Are the AP snooping, Benghazi, and IRS scandals about to destroy Obama's second term? Not really—because hyperpartisanship in Washington had already stalled the president's agenda and put the 113th Congress on track to become another one of the young 21st century's already-legendary do-nothing bodies.
Most of what a president can accomplish takes place early in a term. But as Republican communications pros are fond of reminding reporters, Obama's second term was already off to a rocky start.
Gun control already failed.
The major reason the Toomey-Manchin bill to expand background checks failed was distrust of the federal government. That's not going to change. The IRS and AP scandals will no doubt worsen distrust of the federal government, especially in circles already prone to such sentiments and make it harder for members of Congress to withstand gun-lobby pressure. But the important thing to remember is that every major gun proposal before the Democrat-controlled U.S. Senate already failed at a time when the political winds were as favorable to such reforms as they have been in more than a decade. And none of those proposals ever had a shot in the U.S. House.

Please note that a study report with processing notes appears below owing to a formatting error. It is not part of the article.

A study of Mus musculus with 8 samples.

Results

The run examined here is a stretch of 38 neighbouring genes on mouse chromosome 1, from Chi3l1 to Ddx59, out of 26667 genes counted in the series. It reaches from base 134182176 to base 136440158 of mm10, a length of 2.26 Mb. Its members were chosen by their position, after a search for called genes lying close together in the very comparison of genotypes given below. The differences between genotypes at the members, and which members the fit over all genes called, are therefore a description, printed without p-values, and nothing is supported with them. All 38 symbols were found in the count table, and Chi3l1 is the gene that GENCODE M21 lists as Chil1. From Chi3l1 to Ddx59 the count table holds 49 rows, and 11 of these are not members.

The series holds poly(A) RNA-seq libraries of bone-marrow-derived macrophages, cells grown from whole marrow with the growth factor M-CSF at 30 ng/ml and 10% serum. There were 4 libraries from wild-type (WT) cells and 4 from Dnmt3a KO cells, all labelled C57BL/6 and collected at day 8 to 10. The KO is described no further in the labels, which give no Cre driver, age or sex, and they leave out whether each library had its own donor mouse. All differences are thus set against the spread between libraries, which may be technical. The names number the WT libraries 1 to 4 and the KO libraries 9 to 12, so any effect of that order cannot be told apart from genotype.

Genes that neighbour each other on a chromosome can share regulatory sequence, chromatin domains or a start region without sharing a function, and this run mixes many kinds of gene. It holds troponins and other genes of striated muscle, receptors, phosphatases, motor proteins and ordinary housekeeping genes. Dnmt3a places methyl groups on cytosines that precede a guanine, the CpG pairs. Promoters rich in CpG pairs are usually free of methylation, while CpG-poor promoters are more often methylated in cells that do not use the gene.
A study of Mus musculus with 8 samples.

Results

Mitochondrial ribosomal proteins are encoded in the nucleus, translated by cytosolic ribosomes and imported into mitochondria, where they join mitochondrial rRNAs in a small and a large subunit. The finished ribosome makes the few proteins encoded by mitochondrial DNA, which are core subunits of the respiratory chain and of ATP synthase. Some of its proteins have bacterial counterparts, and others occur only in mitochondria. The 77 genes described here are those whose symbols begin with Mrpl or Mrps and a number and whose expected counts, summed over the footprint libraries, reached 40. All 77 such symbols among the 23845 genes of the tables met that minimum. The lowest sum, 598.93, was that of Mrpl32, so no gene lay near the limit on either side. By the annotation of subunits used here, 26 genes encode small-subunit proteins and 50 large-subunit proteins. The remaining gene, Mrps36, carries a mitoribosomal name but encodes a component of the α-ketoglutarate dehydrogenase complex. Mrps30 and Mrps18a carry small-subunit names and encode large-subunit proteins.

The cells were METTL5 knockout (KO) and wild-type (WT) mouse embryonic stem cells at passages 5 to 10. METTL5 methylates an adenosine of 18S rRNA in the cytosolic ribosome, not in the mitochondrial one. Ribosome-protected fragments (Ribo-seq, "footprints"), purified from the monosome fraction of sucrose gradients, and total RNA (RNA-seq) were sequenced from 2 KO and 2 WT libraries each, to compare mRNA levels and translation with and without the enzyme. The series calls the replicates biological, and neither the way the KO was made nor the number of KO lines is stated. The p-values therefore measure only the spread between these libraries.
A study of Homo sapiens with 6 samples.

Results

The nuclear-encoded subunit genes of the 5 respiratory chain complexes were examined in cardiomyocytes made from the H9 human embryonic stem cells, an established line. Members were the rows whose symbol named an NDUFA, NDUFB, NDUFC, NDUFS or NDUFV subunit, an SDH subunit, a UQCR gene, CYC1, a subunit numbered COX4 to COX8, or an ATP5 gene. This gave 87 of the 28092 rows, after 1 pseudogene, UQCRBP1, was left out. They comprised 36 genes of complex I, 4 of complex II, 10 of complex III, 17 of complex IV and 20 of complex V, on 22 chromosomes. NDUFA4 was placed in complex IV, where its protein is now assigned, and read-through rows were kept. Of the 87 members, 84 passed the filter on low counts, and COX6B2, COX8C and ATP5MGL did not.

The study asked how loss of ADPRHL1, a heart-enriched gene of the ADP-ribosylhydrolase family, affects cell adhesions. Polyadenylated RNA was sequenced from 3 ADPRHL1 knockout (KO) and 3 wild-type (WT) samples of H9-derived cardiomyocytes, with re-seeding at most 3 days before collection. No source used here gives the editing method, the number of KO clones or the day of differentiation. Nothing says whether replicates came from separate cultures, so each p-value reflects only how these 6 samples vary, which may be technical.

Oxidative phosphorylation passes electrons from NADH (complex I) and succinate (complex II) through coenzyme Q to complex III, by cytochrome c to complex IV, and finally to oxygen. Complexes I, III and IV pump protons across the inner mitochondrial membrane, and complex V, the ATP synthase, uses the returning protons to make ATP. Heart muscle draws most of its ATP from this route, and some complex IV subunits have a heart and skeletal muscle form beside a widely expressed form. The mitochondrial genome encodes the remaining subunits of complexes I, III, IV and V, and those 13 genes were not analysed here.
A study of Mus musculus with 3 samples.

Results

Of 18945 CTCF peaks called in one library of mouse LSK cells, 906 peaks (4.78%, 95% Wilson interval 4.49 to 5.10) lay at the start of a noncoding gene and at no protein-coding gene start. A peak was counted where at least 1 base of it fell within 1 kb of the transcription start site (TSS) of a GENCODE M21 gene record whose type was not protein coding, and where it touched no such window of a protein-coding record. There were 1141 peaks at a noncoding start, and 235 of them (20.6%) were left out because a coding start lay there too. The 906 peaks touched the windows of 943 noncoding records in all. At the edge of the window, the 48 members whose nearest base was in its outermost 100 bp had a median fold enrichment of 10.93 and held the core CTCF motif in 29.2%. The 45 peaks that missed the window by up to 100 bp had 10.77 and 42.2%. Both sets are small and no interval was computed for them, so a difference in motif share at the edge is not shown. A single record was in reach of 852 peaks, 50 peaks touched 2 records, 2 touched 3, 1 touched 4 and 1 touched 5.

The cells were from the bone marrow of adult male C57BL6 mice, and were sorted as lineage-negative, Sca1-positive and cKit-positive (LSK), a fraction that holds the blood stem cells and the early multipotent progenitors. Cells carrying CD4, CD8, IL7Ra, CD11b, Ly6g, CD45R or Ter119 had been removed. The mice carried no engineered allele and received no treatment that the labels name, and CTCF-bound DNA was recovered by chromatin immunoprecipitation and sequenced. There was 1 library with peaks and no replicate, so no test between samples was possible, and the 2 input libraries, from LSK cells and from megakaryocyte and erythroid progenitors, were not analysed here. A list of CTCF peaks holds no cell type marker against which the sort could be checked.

Budget negotiations already failed.
The sequester was supposed to be a budgetary approach so stupid no one would ever allow it to be implemented, and yet here we are, with the Pentagon planning to furlough 650,000 civilian workers and Head Start and other programs across the country slashing services or putting off planned innovations. Even in the wake of a decisive reelection and while riding a crest of positive national sentiment, the president was unable to come to a grand bargain on revenues and spending with Republican leaders, and so instead we have the sequester, and no sign that Congress is eager to revisit the issue or reverse it. Republican willingness to negotiate with the president was always low, and what remained at the end of his first term seemed to evaporate early in the new year—that is, well before the current scandals.